Lorde emerges from the dark to the sun in new album, ‘Solar Power,’ but should she retreat?

This Sunday, Lorde released her third studio album, a sun-inspired folk medley titled, “Solar Power.”


Maddie Johnston, Arts Editor


The mystical, gothic Lorde we met seven years ago came back this weekend from her four year Antarctica hiatus in a bright yellow dress, prancing along a beach, in her new album, Solar Power — and this is not the Lorde we used to know.

This is happy Lorde. This is Lorde with self control. This is, dare I say, boring Lorde?

On Lorde’s 2017 album Melodrama, listeners found themselves in the midst of one large house party — it was maximalist, hedonistic, self-possessed — every moment was a sonic climax with its weird and wonderful synths and nuanced lyrics.

The new album lies in full contradiction to that Lorde, both thematically and sonically. Her new sound begs you to lay on the beach, it begs you to wander through the forest and forget your bearings, to sit back and soak in its sunny acoustics and leisurely drum beats.

But the album’s goals are acquiring mixed results.

The glamorization of “the simple life”— long days at the beach, gardening our lush country home gardens, drinking only two drinks with friends, then going home — might work if it weren’t for its good lyrics being watered down by Christian-rock style acoustics and overall melodic monotony.

This regression from high-intensity pop music has become common among several of our most loved female musicians.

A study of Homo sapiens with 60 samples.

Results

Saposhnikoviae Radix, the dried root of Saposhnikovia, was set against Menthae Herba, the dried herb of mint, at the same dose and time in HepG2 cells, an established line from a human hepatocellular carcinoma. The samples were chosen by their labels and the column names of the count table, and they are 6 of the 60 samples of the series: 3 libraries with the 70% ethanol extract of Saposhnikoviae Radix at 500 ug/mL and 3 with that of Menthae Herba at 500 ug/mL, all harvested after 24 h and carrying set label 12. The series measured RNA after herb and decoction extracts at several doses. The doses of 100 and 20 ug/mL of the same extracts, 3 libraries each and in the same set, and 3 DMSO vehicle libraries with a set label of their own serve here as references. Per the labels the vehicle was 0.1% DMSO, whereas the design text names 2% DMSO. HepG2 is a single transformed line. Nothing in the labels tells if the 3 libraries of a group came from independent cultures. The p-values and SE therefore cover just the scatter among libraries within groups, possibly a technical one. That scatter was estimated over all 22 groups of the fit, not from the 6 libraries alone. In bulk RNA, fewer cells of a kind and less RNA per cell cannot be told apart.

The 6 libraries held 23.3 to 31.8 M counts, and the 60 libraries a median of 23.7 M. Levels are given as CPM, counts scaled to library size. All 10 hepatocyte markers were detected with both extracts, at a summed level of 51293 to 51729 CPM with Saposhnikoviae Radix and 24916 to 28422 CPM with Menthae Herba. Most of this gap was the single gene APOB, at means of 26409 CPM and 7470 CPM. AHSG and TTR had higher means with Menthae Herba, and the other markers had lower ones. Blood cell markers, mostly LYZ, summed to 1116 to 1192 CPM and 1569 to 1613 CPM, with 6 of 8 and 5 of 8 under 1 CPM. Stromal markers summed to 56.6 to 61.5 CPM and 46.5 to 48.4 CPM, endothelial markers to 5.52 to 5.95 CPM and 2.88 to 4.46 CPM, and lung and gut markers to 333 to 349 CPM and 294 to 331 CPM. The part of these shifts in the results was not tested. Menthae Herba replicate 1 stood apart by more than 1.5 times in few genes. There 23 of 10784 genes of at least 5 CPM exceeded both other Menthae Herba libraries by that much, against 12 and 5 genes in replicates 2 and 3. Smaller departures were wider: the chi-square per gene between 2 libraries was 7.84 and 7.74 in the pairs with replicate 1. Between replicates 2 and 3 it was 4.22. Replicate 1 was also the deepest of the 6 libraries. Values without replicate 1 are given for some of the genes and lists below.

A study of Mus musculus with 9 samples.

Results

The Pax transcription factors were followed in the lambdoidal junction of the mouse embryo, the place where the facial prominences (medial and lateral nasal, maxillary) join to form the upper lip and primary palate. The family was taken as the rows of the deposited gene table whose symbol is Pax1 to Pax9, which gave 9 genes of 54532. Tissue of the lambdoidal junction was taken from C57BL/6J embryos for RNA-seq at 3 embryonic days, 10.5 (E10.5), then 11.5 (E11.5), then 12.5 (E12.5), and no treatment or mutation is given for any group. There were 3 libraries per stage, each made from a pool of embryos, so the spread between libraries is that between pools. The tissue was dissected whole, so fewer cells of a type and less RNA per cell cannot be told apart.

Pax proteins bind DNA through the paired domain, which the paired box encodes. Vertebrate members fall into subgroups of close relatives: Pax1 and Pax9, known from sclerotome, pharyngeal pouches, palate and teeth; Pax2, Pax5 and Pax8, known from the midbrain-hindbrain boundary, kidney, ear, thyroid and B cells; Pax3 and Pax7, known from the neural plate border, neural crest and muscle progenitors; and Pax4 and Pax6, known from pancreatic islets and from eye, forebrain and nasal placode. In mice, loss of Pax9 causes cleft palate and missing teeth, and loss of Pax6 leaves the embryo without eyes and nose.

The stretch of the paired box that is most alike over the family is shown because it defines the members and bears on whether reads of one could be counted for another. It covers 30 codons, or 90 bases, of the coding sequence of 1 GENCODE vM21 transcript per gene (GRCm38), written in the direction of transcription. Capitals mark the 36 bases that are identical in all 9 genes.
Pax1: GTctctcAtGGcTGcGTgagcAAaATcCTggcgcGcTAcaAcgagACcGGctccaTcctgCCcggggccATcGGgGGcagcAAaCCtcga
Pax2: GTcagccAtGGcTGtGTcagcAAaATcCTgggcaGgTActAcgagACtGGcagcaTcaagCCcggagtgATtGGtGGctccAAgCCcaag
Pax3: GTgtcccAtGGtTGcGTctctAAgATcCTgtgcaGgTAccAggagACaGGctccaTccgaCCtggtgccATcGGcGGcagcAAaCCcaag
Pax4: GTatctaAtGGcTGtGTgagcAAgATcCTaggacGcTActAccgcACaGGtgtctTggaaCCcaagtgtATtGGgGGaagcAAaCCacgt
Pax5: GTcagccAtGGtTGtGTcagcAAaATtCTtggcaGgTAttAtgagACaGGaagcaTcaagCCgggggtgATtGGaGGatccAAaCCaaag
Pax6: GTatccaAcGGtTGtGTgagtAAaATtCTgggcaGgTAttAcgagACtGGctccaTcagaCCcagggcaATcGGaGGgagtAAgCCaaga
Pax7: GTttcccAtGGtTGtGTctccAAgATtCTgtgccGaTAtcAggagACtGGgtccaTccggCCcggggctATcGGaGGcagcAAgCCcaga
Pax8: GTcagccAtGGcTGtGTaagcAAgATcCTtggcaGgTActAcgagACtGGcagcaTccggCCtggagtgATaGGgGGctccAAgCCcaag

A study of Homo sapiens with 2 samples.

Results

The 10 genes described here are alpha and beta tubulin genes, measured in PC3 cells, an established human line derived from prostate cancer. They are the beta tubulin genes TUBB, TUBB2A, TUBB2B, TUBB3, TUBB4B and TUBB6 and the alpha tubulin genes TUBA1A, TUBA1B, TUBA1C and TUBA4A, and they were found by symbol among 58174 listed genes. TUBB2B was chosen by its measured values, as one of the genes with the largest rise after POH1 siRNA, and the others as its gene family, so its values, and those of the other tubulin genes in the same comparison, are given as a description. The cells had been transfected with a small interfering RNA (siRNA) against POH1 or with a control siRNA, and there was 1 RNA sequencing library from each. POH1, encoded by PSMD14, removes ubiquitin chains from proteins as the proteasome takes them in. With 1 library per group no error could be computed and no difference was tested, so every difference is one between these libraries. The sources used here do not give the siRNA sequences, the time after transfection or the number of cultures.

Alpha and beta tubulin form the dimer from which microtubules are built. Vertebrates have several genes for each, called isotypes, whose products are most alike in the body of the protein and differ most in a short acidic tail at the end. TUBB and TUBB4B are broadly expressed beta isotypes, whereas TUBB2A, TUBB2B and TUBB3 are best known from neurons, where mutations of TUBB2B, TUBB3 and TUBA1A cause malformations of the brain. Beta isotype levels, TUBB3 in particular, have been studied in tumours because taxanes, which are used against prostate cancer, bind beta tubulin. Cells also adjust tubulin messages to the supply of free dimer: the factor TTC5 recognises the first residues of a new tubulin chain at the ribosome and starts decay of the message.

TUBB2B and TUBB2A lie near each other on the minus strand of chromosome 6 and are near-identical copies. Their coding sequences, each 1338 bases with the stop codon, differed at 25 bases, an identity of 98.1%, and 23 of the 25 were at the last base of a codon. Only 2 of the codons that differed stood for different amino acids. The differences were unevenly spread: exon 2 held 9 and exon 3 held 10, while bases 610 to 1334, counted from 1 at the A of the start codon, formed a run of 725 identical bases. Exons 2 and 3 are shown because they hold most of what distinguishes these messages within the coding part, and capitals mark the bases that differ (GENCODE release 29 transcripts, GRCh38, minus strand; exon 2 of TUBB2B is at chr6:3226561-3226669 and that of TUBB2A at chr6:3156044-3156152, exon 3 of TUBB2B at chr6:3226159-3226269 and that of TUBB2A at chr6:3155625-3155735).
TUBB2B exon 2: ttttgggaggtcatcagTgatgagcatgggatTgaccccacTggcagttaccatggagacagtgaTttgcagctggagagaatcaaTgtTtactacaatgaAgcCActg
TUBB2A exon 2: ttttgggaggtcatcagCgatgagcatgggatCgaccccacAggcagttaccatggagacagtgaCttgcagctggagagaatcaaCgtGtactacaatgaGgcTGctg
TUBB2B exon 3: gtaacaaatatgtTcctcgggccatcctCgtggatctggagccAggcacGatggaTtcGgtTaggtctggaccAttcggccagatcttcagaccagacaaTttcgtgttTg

The album was produced by Jack Antonoff, a man whose name has become synonymous with big names like Taylor Swift, Lana Del Rey, St. Vincent, and Clairo, who have all produced their most recent records under his supervision.

Each has undergone a movement away from the high-energy, radio-pop music that earned them their fame to minimalistic, slow songs with lyrics that glamorize domesticity and, you guessed it, nature.

I’m all about a back-to-the-land movement, but I also want to dance.

The folksy album consists of 12 brand new songs, each nearly indistinguishable upon first listen. The opening track, The Path, acquaints listeners with the same tempo and whispery tone as the album’s next five songs.

In Secrets From a Girl (Who’s Seen It All), Lorde takes a sort of older sister stance where she offers advice to young girls.

“’Member what you thought was grief before you got the call?

Baby girl, no one’s gonna feel the pain for you

You’re gonna love again, so just try staying open

And when the time comes, you’ll fall

Yeah, when the time comes, you’ll fall.”

It didn’t come off in the clever and cunning way that characterized her previous work. Nor did Mood Ring, a song about wellness fads, offering again, platitudinal lyrics. Back in June when Lorde released the album’s title track, Solar Power, fans criticized it for sounding like it came out of a tampon commercial. It’s a sad, but accurate analogy for the greater part of the album.

However, the earnestness in lyrics that Lorde fans came to love made a return on Big Star, Oceanic Feeling, and Stoned at the Nail Salon. All offered cuttingly honest lyrics and greater musical depth than the others.

The curb on instrumentation also allowed her vocals to shine in ways they never have on previous albums.

Corniness and cringy-ness aside, we’re all happy Lorde has found peace and is introducing us to her brighter, more wholesome new self. The album pales in comparison to its predecessor, Melodrama, but with each listen the songs grow more distinct and the lyrics more compelling. Did I need an album about her four year vacation? Probably not, but I’ll take what I can get from our goth-turned-goddess musical queen.